Please note that the programme remains a work in progress and is subject to change.

Thursday 31 March

8:30 – 9:00am Registration for delegates
9:00am Welcome from the organisers: Ms ZHANG Tingting, Managing Director, Yangtze Business Services
9:05 – 9:25am Modernising the Yangtze to serve industries
  Opening speech by Mr LU Hailiang, Managing Director, The Yangtze Yearbook and Yangtze Shipping Research Institute under the Yangtze River Administration of Navigational Affairs, Ministry of Transport

An overview of the latest round of government investments and developments in the Yangtze’s modernisation programme; progress and impact: completion of the Three Gorges Dam, trial of the digital waterway, adoption of the traffic-lane system, extension of the 12.5-metre water level to Nanjing, efforts to promote modern equipment and technology, the Yangtze Shipping Index and moves towards compulsory insurance for vessels.
9:25 – 9:45am Accessing China's interior via the Yangtze
  Mr Jens ESKELUND, Managing Director, Maersk China

Many of Maersk’s clients are doing business in China’s interior and the shipping line relies on local barge operators to provide efficient and reliable services. What are the major challenges it faces and what are its recommendations for operational and regulatory reform?
9:45 – 10:05am Rising consumer demand in the interior
  Ms Tobie GORDON, Head of Supply Chain, Nestlé Greater China

Nestlé, the world’s largest packaged goods company, has extensive operations across China. What challenges does the company face entering interior cities? It stopped using the Yangtze due to poor cargo visibility and high shrinkage rates. However, because of its global carbon emission reduction policy it now plans to reassess the recent improvements in the Yangtze and its supporting road and rail networks.
10:05 – 10:40am Q & A session
10:40 – 11:0am Coffee break
11:00 – 11:20am A profile of Wuhan Port
  Mr GU Qiangsheng, general manager of Wuhan Port Group

Current capacity and future development plans
What is the port doing to improve services, shorten turnaround times and reduce user costs?
11:20 – 11:40am The experience of Wuhan’s leading shipper

Mr Robert HU, Manager Import/Export Department, TPV Technology

Taiwan-headquartered TPV is the world's second largest OEM of computer monitors, and one of the largest container users of Wuhan port. What are the best and worst aspects of operating in Wuhan? Why do 20 per cent of their export-bound containers fail to reach Yangshan on time? What's wrong with the Wuhan-Yangshan shuttle service?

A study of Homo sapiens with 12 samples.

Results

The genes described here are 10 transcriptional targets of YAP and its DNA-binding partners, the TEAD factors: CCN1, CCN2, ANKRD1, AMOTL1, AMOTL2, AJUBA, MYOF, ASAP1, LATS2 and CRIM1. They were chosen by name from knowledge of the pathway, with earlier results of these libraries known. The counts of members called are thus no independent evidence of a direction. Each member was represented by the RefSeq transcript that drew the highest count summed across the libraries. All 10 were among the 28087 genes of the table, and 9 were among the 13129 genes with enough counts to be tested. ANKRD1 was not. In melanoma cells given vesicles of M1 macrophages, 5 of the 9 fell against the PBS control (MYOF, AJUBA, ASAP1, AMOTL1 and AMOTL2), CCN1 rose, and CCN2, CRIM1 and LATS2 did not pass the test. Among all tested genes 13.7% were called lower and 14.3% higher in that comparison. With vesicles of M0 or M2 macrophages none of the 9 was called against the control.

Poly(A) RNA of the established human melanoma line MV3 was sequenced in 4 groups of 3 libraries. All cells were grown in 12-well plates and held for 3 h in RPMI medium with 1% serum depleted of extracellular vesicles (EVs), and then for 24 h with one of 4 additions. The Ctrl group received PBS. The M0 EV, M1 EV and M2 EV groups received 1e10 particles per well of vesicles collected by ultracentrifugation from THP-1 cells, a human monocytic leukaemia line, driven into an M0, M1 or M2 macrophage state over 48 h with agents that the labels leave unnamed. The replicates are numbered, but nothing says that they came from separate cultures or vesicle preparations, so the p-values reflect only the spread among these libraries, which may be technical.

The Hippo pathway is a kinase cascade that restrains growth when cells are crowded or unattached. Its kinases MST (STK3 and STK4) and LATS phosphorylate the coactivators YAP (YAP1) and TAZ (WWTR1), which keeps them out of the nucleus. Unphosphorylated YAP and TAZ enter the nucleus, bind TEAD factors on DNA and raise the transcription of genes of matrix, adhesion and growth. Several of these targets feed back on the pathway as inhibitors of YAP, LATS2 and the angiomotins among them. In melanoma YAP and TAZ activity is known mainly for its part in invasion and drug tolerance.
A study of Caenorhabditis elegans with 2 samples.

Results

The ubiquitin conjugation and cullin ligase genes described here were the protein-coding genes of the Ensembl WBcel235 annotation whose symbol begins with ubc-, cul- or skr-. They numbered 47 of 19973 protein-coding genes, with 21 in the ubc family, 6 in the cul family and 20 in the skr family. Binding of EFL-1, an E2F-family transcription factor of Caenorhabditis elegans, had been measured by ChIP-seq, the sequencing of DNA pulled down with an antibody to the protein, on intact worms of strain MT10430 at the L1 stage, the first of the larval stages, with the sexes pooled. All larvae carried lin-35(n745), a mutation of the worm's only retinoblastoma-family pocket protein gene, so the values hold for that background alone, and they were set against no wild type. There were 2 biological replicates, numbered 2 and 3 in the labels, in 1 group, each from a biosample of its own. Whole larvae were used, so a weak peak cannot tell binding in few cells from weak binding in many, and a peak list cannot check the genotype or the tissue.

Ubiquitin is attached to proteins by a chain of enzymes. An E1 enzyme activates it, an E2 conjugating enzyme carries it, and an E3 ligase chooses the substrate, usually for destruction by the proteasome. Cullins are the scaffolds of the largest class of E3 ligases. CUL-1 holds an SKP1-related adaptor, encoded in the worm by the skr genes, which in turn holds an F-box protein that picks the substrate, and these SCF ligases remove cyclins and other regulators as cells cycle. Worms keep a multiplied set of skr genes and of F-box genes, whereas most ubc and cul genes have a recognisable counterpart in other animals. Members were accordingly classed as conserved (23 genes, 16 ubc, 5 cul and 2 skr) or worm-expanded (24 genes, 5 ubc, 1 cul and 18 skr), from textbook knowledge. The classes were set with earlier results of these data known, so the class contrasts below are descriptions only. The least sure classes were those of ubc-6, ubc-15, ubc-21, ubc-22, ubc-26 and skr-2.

11:40 – 12:00pm Development vs. environment
  Mr Irgen IVERSEN, Vice-President, Odfjell Terminals Asia

Odfjell, the world's largest liquid chemicals carrier, has a terminal in Jiangyin. Having spent eight years with Odfjell on the Mississippi, Mr Iversen will provide insight into how the authorities in the US protect the environment at the same time as facilitating the transportation of dangerous cargo. What particular challenges do the Yangtze authorities face in this regard?
12:00 – 12:30pm Q & A session
12:30 – 1:30pm Sit-down buffet lunch
1:30 – 1:50pm The relationship between manufacturers and inward investment officers
  Mr LI Jian, Deputy Director of Inward Investment, Jiujiang ETDZ

What challenges do manufacturers face once they have set up in an interior city such as Jiujiang and how they go about getting help?
1:50 – 2:10pm Passing the Three Gorges Dam shiplocks
  Mr GAO Xiong, Chief Engineer and Deputy Director of the Three Gorges Administration of Navigational Affairs until 2010 and now adviser to China Three Gorges Corp

Overview of the shiplocks and shiplift infrastructure, and handling capacity. What has the government done to tackle bottlenecks: application of new technology; new procedures and rules for shippers; vessel standardisation; new road to relieve pressure. 
2:10 – 2:30pm Serving the complex needs of the auto sector
  Mr LI Wu, Assistant General Manager, Lifan Industry Group

One of the largest private companies in China, Lifan’s motorbikes and automobiles are exported to Southeast Asia, Africa and America. In a sector characterised by complex logistical demands and short lead times, how does the company manage to use the Yangtze in order to save costs without compromising its exacting demands?

2:30 – 3:20pm Q & A session followed by coffee
3:20 – 5:20pm Matchmaking session
Allocated meeting times will be detailed in a separate sheet that will be given to delegates upon registration. All the participating Yangtze ports and government officials will have their own desks and signages. Delegates with appointments booked in the first timeslot should make their way to the appropriate desk at the sound of the first bell at 3:20pm. Bells will then be rung at 15-minute intervals to mark the end of one session and the beginning of another.

At the sound of the bell, please move promptly to your next appointment or repair to the coffee area. The sequence of timeslots will be clearly visible in the coffee area and the meeting hall.

All delegates will wear colour-identifiable badges: blue for Chinese officials and white for representatives of Western companies. Simultaneous translation is provided throughout the presentations. However for the match making session, Western companies are advised to field a Chinese-speaking delegate.